Audiobooks? Yes please.
By Emily Alvarez
What is there to say about the written word read aloud? Since the 1930s, essays, poetry, stage plays, and books have been a common find in schoolrooms, libraries, and the occasional music shop. One could listen to another tell a story, deliver a speech, or act out a play via a recording. But I often wonder, are audiobooks still relevant?
Growing up in the early 90s, my mother would often slip a book on tape into my little Fisher Price cassette player to give her a night off from reading to me. There would be a narrator, background music, and occasional sound effects to make the recording sound more real. It was a special period of time for me where I could let my imagination run wild. What made it even better was when the author would recite his or her own novel. I could hear the story from the creator and visualize the story as it had played out in the author’s mind while still having the freedom to imagine the story from my own perspective.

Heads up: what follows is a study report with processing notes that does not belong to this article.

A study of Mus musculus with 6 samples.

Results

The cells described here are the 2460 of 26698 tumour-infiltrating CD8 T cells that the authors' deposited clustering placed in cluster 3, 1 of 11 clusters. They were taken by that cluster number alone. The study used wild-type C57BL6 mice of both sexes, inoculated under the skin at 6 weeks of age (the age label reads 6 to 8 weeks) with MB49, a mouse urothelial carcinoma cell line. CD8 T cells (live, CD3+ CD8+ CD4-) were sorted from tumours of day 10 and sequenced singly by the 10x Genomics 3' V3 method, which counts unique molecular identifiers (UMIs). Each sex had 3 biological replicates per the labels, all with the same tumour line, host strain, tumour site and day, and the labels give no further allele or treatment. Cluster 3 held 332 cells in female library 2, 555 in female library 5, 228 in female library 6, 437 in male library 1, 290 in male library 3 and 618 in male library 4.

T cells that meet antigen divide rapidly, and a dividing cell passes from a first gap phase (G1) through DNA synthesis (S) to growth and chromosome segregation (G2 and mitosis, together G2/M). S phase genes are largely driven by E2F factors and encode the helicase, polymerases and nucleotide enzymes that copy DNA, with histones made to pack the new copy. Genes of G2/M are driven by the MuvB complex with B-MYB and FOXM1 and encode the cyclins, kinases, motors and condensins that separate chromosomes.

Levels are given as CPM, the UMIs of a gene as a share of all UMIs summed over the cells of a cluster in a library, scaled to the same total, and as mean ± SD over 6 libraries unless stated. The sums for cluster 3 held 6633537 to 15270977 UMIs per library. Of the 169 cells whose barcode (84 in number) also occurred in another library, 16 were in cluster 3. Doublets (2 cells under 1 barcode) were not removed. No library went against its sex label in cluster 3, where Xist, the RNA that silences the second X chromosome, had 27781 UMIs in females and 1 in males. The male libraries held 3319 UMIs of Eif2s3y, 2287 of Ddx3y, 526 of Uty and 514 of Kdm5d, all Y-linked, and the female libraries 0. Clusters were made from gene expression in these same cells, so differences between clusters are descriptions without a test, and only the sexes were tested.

I believe what many have forgotten amidst the exposure to the visual arts is that there is intrigue without limits in one’s mind. This is why the majority of people say “the book is way better than the movie”. It is not simply because the film versions do not include everything in the book but rather that one’s mind can make everything much more spectacular and personal.
Audiobooks are a great medium. The book is being read aloud to you, bringing back warm memories of your folks reading to you in bed but it also allows your mind to create the scene. The truth of the matter is, no matter how the author intended the book to be visualized, the reader can cater to his or her own imagination.
I leave you with this: let not the audiobook come to be an ancient relic. Download it on your kindle or nook or even drive down to your local hole-in-the-wall book shop and purchase a book on cassette or CD. Play it while you lounge on the couch, pretend to be listening in your Organic Chemistry class, or while you are on a train from London to visit your annoying third cousins-twice removed somewhere in Surrey. You won’t regret it.
Emily Alvarez is an avid writer and reader of historical fiction and comedy. She loves witty, unforgettable characters that represent the true ups and downs of human life. Emily is a southern California native and received her Bachelors Degree in English from the University of California, Fullerton. She is currently working on several writing projects and is part of the River Ram Press editorial team.